All the latest news, ideas, and opinions from Denver's Independent Literary Center: lighthousewriters.org
Every August at Lighthouse we hold a 4-week course, Is it a Novel… or a Memoir?. Novelist William Haywood Henderson spends half of the time and all his masculine wiles persuading writers to write novels; memoirist Shari Caudron spends the other half charming and courting the uninitiated to write memoirs. The unspoken question is always: Who will win the most converts? It gets contentious.
I asked the two to make a case for their chosen genre. Things got a little heated, as you’ll see…
Bill: Novels rock. They’re big and rich and amazingly wonderful and pretty. I can’t imagine that a memoir could compare in any way.
Shari: Yes, Bill, novels can be rich and wonderful and pretty. But who buys them anymore? A thorough review of recent book sales data (read: a quick Google search), reveals the fiction market has declined 13 percent this year, while sales of memoir and biography are up 9 percent. Why fictionalize when readers hunger for reality?
Bill: Shari, you ignorant slut. Readers hunger for reality? Really? Have you looked out your window lately? Reality sucks. Even memoirists know that. How else to explain the creative license they take with characters and situations? Don’t think an incident fits your theme? Alter it. Don’t remember exactly what people said? Make it up. You’re not handsome or noble enough in real life? No problem; in your memoir you’re a stunning hero. Fine, but that’s fiction writing.
Shari: Bill, we’ll have to talk about your anger issues at another time. For now, though, let’s stick to the topic at hand. You’re right: the temptation to fabricate is always present in personal narrative, that’s what makes it a far more challenging art form than fiction. Novelists stare out the window and write down any old thing that occurs to them. Whereas memoirists—if they are true to their craft and don’t fabricate, as they shouldn’t–must deal with the inconvenience of facts, the privacy concerns of real people, the difficulty of finding a narrative arc in a life that’s ongoing. Simply put: true artists (or should I say “truth artists”) will always choose the memoir route.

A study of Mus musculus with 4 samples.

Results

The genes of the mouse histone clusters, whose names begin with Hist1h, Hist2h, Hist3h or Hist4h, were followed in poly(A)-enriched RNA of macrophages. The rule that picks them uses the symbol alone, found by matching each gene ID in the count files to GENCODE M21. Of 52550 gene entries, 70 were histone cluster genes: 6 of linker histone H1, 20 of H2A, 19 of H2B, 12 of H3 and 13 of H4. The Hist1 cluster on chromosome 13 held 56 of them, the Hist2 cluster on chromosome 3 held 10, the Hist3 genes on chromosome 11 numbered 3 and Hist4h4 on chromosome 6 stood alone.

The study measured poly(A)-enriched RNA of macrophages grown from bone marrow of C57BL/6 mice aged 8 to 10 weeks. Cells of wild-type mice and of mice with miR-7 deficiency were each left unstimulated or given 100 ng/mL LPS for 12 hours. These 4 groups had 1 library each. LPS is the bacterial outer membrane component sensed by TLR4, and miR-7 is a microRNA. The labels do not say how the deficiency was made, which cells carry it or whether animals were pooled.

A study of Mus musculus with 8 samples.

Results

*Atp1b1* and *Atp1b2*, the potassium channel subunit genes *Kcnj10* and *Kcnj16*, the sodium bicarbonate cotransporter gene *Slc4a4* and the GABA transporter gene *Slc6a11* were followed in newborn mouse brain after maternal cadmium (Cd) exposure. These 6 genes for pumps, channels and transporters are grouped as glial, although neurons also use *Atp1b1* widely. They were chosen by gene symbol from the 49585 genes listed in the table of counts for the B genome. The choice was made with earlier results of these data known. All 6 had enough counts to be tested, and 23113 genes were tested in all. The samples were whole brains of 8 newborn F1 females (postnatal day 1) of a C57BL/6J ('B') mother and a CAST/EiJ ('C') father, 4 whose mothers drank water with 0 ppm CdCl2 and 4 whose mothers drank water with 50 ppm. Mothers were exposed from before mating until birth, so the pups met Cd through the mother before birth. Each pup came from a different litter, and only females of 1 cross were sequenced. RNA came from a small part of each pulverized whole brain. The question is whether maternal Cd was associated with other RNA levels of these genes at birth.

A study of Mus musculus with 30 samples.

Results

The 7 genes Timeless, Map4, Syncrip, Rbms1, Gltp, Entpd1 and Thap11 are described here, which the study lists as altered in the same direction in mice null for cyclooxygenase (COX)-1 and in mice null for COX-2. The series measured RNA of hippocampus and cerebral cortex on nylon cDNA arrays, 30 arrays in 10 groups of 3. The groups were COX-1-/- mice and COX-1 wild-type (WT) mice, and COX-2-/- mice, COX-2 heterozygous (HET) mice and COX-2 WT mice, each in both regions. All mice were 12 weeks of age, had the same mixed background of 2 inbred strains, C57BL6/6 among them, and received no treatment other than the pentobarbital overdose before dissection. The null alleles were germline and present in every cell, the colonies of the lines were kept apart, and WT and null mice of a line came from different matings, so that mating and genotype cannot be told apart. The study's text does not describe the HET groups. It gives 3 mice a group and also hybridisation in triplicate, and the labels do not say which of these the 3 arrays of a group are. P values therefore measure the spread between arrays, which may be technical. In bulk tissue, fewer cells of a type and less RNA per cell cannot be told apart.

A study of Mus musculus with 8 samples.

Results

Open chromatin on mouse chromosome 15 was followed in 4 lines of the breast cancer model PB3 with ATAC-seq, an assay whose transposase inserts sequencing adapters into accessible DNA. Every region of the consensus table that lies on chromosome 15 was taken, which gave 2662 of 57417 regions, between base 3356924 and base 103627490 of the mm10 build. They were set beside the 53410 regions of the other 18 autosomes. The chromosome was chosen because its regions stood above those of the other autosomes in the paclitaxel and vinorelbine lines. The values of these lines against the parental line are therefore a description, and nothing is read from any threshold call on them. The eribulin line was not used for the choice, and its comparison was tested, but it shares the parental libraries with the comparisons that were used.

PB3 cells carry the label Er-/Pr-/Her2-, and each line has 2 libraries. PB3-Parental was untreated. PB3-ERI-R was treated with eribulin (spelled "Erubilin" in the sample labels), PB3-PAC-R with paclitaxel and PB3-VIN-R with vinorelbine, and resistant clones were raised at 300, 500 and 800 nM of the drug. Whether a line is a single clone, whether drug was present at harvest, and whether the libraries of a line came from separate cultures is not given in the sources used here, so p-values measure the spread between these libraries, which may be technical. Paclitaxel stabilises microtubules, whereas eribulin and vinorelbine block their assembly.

Bill: I’m not angry, damnit! But I wonder, how many writers actually have a compelling life story to tell, scene by scene? I’m going to guess not that many. (Is that my guess because I’m angry? Yes.) But writers can take us beyond the surface details of their lives into their inner lives, and if that inner life is created with intensity and beauty there is nothing more compelling in literature. Reality doesn’t always lend itself to evoking that inner life, not without “creative license,” but it’s within those moments of “creative license” that emotional truth resides. Novels offer a purity of emotion without constraints. Novels are more true than memoirs. Novelists are the true “truth artists.” Really. Truly. Why would I make this up?
Shari: Oh, Bill, (she says, shaking her head). Maybe your life story isn’t compelling, but plenty of life stories are. Of course, you and I both know it’s not what happened or didn’t to someone that matters. It’s all in how the story is told. The story of Tobias Wolff’s youth is not that compelling or different from the lives of so many other kids. But he turned his life into art and he told it truthfully. So did Mary Karr and Frank McCourt and Jeannette Walls and, and… Just as story ideas, on their own, don’t turn into great novels. Interesting experiences, on their own, don’t make for good memoirs. Writers have to learn and practice the craft of narrative—which is ultimately the same whether we’re talking about fiction or nonfiction. Isn’t it? Aren’t we really more alike than different?
Bill: OMG, BFF, I think I see what you’re saying! It’s not the story; it’s the quality of the telling! I hadn’t thought of that. So a memoirist can evoke emotion without resorting to lying? A novelist can lie all he wants and still not evoke emotion? It all comes down to craft! (facepalm) I guess we’re not so different after all. I guess we all can get along. But how does someone choose if it’s better to write a memoir or a novel? Uh-oh, another things for me to get angry about?
Shari: Was that sarcasm oozing from your last answer? You novelists. Jeez. There are all sorts of ways for people to determine whether their story is best told as fiction or nonfiction and I was thinking, uh, gosh, like maybe you and I could co-teach a class where we review some of the issues writers consider when deciding whether to take the fiction or non-fiction route.
Bill: Sarcasm? I don’t even know what that is. But get back to me about co-teaching that class after I finish making up shit for the next chapter of my novel. The class sounds fascinating. Really.
Okay, I had to cut them off there. But if you want to jump into the fray (it actually evolved into something kind of beautiful, a Kumbaya moment among genre rivals, if you will), sign up here. And it would be remiss of me not to also remind you of the October 22-23 events featuring memoirist (and poet) Mary Karr. Maybe I’ll get a poet in the ring with Shari next.